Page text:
Return of Curiosity
Curiosity as a concept has a long history. In 17th-18th century, the Kunstkammer (the Cabinets of Wonders) proliferated in Europe. One of the categories of artifacts on display was called curiosa: objects, materials, and natural specimens from faraway lands. Those exotic items were kept to arouse curiosity – a notion that since the age of geographic discoveries was synonymous with quest for knowledge.
In the orthodox Modernist thinking curiosity was not a key concept, and it fell out of fashion. Gradually, it got relegated into the realm of low-brow idle preoccupations, akin to gawking and rubbernecking. By the 1990s, designers were more concerned with questions of style and taste.
When our book Curuous Boym was published in 2002, in a short introduction, I wrote about the monkey Curious George as a role model for our profession:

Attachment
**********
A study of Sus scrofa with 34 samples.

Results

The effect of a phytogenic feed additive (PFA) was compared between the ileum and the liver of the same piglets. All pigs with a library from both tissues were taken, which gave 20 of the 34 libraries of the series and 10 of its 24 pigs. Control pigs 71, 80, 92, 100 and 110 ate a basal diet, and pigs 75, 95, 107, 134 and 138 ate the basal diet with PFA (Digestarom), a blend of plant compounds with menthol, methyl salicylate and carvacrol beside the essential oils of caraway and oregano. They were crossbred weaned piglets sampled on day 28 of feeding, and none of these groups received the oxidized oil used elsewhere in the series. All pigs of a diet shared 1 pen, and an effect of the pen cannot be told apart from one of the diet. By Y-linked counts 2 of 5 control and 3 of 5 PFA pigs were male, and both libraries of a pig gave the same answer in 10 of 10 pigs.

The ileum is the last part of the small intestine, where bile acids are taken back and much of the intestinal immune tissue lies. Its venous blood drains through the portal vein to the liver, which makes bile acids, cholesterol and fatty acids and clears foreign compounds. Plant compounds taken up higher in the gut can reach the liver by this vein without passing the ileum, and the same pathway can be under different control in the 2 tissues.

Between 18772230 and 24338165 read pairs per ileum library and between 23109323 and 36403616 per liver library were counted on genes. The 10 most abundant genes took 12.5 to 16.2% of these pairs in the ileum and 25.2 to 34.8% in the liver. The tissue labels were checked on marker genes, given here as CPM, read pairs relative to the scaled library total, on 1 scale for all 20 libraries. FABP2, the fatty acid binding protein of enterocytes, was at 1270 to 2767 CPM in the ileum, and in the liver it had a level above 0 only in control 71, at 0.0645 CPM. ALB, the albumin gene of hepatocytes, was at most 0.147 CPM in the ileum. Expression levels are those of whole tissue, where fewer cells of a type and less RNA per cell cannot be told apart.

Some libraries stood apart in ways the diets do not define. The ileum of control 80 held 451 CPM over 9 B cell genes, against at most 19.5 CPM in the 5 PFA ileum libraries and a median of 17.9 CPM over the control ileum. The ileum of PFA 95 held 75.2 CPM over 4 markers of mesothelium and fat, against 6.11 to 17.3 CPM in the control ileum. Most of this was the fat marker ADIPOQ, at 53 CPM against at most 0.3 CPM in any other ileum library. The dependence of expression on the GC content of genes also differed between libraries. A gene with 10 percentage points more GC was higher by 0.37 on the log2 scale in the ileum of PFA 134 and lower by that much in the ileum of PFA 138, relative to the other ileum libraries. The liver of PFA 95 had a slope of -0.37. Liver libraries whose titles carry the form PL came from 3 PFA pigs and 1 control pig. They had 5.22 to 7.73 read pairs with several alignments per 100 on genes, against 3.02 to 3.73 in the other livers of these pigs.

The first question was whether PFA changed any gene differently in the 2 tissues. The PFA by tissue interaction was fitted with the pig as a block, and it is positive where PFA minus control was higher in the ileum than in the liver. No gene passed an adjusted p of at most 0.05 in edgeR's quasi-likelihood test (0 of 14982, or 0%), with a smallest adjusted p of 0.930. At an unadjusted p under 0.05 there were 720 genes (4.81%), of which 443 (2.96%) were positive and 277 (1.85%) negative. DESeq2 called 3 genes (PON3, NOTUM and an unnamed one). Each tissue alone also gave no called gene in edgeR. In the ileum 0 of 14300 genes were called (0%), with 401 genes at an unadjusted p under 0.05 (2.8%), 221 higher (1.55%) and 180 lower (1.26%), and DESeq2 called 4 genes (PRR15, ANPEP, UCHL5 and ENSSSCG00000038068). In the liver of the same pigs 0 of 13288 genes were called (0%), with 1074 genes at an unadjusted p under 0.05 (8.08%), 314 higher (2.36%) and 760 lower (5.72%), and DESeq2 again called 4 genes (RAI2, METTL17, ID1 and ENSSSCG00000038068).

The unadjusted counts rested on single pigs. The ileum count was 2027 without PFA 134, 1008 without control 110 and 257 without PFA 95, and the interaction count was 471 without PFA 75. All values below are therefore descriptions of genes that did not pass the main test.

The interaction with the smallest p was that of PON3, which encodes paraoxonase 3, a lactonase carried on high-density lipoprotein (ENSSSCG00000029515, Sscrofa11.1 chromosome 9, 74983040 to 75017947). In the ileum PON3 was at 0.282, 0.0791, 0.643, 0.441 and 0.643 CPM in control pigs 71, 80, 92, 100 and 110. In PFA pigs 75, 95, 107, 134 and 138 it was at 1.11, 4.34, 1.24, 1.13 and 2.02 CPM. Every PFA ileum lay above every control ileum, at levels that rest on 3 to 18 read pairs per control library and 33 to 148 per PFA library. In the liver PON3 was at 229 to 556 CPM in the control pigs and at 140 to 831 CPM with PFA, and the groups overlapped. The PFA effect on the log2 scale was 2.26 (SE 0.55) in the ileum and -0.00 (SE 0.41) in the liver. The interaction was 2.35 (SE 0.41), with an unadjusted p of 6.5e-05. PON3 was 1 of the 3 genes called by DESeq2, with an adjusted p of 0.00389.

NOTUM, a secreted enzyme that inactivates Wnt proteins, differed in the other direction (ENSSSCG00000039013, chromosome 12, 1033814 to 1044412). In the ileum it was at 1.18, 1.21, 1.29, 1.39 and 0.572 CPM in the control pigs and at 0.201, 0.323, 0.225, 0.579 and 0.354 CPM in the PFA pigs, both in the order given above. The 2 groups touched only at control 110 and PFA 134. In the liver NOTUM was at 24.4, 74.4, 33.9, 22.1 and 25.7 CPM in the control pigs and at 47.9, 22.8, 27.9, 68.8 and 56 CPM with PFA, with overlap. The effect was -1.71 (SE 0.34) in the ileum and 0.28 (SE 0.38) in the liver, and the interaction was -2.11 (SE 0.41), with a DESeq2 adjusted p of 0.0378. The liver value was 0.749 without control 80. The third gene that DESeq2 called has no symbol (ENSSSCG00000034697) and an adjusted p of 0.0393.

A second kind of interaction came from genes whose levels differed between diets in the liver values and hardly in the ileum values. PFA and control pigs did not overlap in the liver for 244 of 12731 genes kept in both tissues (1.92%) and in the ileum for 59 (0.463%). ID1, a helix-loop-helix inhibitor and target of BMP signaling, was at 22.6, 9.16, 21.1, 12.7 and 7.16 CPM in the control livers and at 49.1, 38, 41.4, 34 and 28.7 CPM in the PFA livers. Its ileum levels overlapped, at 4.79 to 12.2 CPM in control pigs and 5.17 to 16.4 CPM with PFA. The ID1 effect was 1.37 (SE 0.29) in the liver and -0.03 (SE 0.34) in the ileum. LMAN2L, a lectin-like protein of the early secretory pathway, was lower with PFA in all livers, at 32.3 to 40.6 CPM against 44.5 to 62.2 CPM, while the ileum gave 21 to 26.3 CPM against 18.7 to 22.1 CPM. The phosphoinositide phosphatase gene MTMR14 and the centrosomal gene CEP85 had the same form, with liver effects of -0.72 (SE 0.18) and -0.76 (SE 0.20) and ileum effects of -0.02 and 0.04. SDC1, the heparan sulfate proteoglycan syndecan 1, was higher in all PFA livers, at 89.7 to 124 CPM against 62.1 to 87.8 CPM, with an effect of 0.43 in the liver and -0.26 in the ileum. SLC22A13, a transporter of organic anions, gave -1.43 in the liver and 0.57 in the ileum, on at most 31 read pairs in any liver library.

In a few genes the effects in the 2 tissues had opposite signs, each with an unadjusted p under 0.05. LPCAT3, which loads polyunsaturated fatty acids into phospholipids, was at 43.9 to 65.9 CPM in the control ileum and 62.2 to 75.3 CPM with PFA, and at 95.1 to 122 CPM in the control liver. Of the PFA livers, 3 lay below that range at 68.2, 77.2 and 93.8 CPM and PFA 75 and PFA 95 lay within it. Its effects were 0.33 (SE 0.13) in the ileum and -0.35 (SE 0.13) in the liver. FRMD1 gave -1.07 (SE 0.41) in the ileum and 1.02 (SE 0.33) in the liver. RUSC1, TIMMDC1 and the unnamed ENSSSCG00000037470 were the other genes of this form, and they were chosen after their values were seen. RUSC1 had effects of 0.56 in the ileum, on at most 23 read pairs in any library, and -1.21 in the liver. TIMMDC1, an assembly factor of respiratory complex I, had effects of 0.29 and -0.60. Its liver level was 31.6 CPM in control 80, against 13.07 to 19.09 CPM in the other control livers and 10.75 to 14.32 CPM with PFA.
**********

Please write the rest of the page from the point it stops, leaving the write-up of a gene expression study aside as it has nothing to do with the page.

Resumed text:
He is driven by curiosity to play and experiment with elements of his daily environment. He finds new uses for familiar objects, invents different ways of doing things, tests the limits of materials and objects. Many of his experiments don’t work, and he routinely gets in trouble, but occasionally he reaps praise or a medal. This sounds a lot like designer’s life.
In the second decade of the new century, this is no longer a revelation. “There are myriad forms of design, many of which don’t require movement of materials and artifacts; only curiosity, an internet connection, and the ability to seek, learn, and synthesize from other fields and cultures. These mutants are the future of design,” writes Paola Antonelli. The notion of curiosity has made a spectacular comeback. I do not know who named the NASA Rover on Mars, yet it is very fitting that this incredible machine carries the name of one of the most endearing human characteristics.
In the last week of August 2012, “curiosity” had a distinction of being the most searched word on Google. Curious George would have been proud.